As a young man, Derek A. Cuthbert seemed destined for great things in his native Britain; he had talent, education and emerging business and administrative skills. Yet he surely could never have imagined the direction his life would take and the impact he would have on so many.

At his death this week at the untimely age of 64, Elder Cuthbert was a general authority of The Church of Jesus Christ of Latter-day Saints, serving in the First Quorum of the Seventy. For 13 years he had filled assignments in that role all over the globe and become known to millions of church members.Born Oct. 5, 1926, in Nottingham, England, he showed promise at an early age and was reared in a home with Christian values. He served for more than three years in the Royal Air Force, including duty in India, Burma and Hong Kong. He married his childhood sweetheart, Murial Olive Mason, just before being shipped to the Far East in 1945.

After his return, he attended the University of Nottingham, graduating with honors in economics and law in 1950. He subsequently served on the governing body of the university. He ultimately become an executive in the petrochemical industry.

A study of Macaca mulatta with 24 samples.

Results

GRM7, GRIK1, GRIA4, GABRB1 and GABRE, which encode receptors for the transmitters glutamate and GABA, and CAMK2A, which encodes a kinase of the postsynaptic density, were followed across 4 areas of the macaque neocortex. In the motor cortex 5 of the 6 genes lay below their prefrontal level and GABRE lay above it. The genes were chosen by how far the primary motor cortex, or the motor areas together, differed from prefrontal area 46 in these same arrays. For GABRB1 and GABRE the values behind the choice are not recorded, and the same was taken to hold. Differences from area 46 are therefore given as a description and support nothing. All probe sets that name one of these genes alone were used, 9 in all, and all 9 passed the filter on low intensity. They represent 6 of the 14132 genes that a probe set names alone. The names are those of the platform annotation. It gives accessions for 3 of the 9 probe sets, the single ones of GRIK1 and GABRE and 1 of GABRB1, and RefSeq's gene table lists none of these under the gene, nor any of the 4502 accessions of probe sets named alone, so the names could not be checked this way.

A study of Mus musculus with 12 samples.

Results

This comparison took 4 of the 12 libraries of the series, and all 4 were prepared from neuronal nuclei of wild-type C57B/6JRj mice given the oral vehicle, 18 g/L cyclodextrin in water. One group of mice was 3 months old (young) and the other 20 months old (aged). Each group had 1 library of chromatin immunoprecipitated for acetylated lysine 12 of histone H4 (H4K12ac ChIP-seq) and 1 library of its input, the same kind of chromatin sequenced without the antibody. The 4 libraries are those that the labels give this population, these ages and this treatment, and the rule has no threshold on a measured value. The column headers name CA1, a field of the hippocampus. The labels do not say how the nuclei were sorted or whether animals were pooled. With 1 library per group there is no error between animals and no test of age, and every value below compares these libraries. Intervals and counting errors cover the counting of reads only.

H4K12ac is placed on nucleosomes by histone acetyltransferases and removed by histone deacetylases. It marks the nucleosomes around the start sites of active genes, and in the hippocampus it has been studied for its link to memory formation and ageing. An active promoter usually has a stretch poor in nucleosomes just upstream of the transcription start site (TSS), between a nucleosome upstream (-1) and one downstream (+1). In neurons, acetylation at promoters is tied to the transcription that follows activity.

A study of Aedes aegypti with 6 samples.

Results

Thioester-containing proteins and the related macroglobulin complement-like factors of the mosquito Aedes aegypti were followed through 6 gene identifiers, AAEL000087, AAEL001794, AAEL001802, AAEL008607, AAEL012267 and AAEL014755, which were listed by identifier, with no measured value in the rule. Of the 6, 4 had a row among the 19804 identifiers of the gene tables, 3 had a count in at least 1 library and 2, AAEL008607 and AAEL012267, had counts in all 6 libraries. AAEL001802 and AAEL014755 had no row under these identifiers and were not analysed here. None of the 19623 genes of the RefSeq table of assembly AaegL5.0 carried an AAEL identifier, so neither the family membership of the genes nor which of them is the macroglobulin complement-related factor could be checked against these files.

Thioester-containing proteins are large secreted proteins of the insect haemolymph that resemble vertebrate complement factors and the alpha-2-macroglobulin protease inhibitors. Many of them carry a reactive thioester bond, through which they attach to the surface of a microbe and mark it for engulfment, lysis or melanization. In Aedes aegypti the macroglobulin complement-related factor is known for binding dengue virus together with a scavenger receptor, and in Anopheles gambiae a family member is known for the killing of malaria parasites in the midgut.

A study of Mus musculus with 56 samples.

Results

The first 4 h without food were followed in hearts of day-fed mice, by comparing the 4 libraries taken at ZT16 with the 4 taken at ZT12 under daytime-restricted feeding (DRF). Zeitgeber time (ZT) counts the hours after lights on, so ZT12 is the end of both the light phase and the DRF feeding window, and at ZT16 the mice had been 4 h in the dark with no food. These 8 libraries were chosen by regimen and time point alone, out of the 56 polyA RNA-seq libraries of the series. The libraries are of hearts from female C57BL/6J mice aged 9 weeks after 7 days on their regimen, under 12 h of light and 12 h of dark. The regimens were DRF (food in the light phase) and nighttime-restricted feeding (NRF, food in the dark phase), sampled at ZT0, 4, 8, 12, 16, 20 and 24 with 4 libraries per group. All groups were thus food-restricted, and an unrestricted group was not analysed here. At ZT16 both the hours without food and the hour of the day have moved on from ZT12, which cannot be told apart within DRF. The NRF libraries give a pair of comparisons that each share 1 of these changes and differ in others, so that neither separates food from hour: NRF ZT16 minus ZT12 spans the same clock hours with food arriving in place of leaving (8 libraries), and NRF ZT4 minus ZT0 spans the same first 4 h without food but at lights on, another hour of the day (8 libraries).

In the year after his graduation, he and his wife met Mormon missionaries, joined the LDS Church, and as his wife said, their lives took on a "whole new dimension," including his service as branch president, district president, and stake president in several stakes. He also served four stake and district missions and served as counselor to four mission presidents.

In 1970 he became a regional representative to the Council of the Twelve and in 1975 was called as full-time president of the Scotland Edinburgh Mission. That full life of church service is one familiar to many others, but there was more. In 1978, Elder Cuthbert was called to the First Quorum of the Seventy.

This required him to uproot his family and move to the United States with his wife and 10 children where he served faithfully and diligently for the rest of his life.

His kindness and tact and understanding touched many lives, and LDS Church members owe a debt of gratitude to Great Britain for the remarkable service and example of one of its native sons.